Hungarian painter and draughtswoman Ilka Gedő (26 May, 1921, Budapest – 19 June, 1985) drew incessantly even as a child. She began her art studies with Viktor Erdei. Prevented from being admitted to the Hungarian Academy of Fine Arts because of the anti-Jewish laws enacted in 1938, she enrolled in the private drawing schools of Tibor Gallé and István Örkényi-Strasser. While her early mentors became victims of the Holocaust, Gedő miraculously escaped a similar fate, and her 1944 sketchbooks of children and old people from the Budapest Ghetto comprise a moving and powerful pictorial diary. By 1945, when she was eventually admitted to the Hungarian Academy of Fine Arts, Gedő was already a mature artist with a pictorial language her own. She therefore left the Academy within a year and by 1949 created a suite of series consisting of about three thousand exquisite works on paper. (Her total graphic inventory is over five thousand items.)
Ilka Gedő responded to the onset of Communist dictatorship in 1949 by stopping making art for fifteen years, during which, however, she intensively studied art history and colour theory, making extensive notes and translations of her readings. In 1965, following a studio exhibition of her drawings, Gedő started to work again, initially using pastel, then oil on canvas. The year she spent painting in Paris (1969 – 1970) gave further impetus to her work, and during her second creative period Gedő completed one-hundred-and-fifty paintings.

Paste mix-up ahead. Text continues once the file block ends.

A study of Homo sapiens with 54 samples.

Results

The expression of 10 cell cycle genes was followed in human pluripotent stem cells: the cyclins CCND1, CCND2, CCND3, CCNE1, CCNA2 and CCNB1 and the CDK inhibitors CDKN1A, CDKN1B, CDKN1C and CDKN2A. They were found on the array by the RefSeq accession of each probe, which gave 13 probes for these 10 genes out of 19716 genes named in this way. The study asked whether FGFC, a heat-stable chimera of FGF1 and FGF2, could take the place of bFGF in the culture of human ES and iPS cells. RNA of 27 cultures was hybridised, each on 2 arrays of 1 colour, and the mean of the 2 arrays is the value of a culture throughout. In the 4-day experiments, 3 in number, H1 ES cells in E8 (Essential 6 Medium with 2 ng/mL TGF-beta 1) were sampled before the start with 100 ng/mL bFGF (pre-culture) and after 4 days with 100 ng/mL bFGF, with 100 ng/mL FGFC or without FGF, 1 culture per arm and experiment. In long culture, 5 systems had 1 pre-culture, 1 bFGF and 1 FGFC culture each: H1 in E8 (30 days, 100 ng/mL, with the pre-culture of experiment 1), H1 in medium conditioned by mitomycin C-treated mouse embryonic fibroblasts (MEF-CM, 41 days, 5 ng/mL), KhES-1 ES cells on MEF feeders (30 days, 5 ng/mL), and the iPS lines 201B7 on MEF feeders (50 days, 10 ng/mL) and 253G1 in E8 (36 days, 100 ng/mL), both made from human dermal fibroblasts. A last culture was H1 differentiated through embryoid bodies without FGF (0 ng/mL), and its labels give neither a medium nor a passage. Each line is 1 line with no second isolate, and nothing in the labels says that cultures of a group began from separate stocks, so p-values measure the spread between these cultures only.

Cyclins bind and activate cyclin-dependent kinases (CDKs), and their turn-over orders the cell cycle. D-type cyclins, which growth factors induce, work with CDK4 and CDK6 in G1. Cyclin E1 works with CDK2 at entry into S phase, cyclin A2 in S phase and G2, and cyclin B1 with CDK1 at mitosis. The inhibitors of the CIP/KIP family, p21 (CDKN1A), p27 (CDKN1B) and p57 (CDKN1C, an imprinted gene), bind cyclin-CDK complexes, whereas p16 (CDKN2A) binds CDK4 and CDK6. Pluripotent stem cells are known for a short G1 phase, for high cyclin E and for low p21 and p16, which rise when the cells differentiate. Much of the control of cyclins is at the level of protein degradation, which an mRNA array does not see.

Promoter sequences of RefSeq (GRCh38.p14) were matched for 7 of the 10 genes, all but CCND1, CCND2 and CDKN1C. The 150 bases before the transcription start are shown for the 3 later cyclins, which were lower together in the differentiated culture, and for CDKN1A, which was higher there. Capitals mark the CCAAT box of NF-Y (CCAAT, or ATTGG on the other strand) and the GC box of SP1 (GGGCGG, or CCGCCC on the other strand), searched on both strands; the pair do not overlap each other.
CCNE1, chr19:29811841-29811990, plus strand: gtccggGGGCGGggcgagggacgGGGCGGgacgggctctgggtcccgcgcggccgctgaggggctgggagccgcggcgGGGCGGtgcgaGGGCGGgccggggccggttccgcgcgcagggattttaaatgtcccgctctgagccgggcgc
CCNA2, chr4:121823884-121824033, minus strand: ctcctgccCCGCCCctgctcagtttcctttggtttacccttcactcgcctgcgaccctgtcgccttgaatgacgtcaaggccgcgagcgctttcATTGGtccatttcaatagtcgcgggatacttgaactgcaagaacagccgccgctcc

Gedő died at the age of 64, a few months before her discovery abroad. The scene of the breakthrough was Glasgow where the Compass Gallery presented a survey of her paintings and drawings (1985), which was followed by a major retrospective at the Third Eye Centre (1989).
Ilka Gedő’s thematic series (Ghetto Drawings, Ganz Factory Drawings, Self-Portraits, Pregnant Self-Portraits, and Tables) won her worldwide renown and her work can now be found in major museums throughout the world: Albertina, Vienna; Museum Kunstpalast, Düsseldorf; Kupferstichkabinett, Berlin; Herzog Anton Ulrich Museum, Braunschweig; Israel Museum, Yad Vashem Art Museum, Jerusalem; British Museum; Metropolitan Museum of Art, Jewish Museum, New York; Albright-Knox Art Gallery, Buffalo; Museum of Fine Arts, Houston; and Cleveland Museum of Arts. In Hungary, she is represented at the King St. Stephen Museum, Székesfehérvár, which had the distinction of mounting the first survey of her work in 1980; the Jewish Museum, Budapest, which showed a large selection of the Ghetto Drawings in 1995; and the Hungarian National Gallery, which held a retrospective exhibition of the oeuvre in 2004.
For further information, see Wikipedia and the complete digitized works of Ilka Gedő.